There are books that don’t lend themselves to walking and reading and Ernst Bresisach’s Renaissance Europe is one such. Four hours, 100 pages. In four hours you can usually do 200 pages. So the thing is going to take me
12 16 hours to read, rather than the today and tomorrow I had originally thought. Good weather for it though!
Part of the problem is that its is a heavy book; that is a nice workout on the arms, but draws one’s attention away, nagging downward all the time (the higher you can hold the book the faster you’ll walk, usually). Another part of it is that this copy has this ridiculous loose plastic covering glued onto it since the 70’s when it triumphantly entered the Bexley Public Library to be read repeatedly over the years. I have half a mind to help the artificial cover become unglued. Dust jackets, plastic wrappings, all such fiddly adiaphora get in the way of finishing books because they do not permit good and sensible purchase. This book has a durable heavy binding and the weighty paper is stitched. It will endure without the rattly plastic frivolity, O pedantic librarians. The final thing is the ten point font on foot-long pages. I think I’ve probably read 200 pages worth, and the book is just more formidable than it looks.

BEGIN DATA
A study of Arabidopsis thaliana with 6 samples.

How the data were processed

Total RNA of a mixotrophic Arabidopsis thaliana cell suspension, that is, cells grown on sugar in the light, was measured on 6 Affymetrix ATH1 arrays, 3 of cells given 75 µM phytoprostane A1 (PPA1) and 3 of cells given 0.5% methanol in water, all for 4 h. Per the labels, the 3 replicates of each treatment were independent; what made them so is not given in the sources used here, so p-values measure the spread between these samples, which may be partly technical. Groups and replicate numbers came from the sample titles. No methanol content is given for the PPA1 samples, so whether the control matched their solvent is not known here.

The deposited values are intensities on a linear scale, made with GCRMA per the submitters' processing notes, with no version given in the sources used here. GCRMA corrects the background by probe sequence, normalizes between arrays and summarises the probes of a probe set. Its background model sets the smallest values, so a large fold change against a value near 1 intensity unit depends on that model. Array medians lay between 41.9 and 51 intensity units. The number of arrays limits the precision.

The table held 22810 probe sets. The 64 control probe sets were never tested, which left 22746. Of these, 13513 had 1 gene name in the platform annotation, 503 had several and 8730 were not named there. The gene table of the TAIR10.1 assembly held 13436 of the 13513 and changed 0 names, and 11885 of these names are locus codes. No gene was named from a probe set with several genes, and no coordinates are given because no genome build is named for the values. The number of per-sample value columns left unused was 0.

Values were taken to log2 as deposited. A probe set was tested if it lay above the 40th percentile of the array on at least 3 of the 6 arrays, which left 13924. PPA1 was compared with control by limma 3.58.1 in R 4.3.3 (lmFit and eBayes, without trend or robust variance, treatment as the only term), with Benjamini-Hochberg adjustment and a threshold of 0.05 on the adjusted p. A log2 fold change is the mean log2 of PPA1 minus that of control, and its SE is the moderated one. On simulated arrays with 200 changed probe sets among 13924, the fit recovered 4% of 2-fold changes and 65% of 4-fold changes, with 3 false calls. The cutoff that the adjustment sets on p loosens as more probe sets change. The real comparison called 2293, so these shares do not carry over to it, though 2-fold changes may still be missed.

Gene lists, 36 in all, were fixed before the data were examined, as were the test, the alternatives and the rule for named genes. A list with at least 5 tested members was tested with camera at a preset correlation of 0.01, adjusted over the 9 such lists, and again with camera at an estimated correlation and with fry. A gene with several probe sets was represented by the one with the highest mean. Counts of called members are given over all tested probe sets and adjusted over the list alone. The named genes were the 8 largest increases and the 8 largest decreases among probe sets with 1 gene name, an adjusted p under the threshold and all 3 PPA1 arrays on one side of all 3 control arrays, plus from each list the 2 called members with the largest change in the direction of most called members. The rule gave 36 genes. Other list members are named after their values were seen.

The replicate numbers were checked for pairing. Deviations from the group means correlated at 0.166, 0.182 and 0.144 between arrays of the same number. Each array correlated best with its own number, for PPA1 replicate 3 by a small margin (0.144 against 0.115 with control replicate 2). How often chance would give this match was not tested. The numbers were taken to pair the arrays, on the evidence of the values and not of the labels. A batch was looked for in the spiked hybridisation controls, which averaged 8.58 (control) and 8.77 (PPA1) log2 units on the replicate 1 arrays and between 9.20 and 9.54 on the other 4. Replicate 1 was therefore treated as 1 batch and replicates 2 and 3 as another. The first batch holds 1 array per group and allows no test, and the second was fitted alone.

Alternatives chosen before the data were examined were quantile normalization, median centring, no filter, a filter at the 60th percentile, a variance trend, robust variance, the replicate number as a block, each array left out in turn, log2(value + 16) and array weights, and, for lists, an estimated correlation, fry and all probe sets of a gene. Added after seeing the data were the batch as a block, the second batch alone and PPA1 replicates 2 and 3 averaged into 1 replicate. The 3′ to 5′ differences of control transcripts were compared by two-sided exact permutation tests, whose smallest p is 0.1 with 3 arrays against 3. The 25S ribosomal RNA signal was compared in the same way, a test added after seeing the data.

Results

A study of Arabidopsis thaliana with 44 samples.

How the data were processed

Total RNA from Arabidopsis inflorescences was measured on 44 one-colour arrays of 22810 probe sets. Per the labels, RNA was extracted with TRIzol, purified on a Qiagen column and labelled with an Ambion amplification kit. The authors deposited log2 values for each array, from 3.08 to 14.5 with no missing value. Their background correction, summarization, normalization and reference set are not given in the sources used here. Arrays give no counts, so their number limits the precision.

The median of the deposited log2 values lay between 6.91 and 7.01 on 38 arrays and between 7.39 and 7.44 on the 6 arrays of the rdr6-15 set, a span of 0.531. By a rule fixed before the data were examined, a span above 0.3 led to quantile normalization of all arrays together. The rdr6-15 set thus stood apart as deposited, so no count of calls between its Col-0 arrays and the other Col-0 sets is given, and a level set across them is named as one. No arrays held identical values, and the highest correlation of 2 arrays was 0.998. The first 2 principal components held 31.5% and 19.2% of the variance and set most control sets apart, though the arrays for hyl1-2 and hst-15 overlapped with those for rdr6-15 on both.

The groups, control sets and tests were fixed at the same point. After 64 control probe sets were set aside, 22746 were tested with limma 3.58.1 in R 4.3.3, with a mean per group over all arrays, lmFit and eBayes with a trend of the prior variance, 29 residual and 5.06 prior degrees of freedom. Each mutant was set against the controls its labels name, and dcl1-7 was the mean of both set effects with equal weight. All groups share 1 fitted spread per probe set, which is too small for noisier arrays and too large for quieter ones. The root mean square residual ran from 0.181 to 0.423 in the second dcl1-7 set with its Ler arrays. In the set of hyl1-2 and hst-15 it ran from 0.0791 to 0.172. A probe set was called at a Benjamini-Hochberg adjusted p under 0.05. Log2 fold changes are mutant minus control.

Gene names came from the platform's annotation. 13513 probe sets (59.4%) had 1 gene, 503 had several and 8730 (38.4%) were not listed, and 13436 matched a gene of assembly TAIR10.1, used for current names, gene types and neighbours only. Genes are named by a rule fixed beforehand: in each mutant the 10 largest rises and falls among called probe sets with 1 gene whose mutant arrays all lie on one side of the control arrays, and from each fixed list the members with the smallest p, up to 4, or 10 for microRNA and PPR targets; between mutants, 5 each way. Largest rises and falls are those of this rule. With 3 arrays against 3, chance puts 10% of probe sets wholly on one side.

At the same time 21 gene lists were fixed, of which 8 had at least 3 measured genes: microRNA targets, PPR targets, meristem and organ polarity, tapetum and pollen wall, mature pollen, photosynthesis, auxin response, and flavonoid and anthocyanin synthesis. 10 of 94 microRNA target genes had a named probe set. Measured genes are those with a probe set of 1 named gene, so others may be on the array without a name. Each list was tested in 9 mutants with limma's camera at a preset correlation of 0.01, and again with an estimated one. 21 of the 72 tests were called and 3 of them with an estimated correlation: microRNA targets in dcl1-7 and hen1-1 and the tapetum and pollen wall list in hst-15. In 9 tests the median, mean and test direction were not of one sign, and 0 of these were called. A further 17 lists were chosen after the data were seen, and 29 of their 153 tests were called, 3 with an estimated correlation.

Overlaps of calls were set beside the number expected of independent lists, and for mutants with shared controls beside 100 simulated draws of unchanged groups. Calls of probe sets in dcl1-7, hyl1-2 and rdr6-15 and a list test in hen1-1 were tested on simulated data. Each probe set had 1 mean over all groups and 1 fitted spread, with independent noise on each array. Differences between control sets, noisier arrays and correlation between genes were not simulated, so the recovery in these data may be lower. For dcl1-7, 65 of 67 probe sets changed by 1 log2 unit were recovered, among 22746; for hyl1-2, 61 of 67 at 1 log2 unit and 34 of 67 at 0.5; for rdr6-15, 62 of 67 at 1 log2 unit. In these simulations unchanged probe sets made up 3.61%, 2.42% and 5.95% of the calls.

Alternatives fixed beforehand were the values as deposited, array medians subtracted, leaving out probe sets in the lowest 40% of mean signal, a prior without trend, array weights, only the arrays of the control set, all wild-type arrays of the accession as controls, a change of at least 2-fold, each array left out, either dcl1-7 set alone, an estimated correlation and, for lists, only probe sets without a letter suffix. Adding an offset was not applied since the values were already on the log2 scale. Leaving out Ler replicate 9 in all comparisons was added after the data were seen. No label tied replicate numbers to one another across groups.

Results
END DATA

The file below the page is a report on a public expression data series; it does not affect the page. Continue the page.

It is a good book, by the way, organized to the hilt as you probably can surmise, and not tending to induce a wandering of the attention. After the preface, the table of contents, the list of illustration you come on an Analytical Table of Contents that sometimes includes paragraph length subdivisions (I know what you’re thinking, but the answer is no: the pagination there is in Roman numerals; there are before the reader after all that still 404 pages of regular text). He planned his work and worked his plan, and he did it awfully well.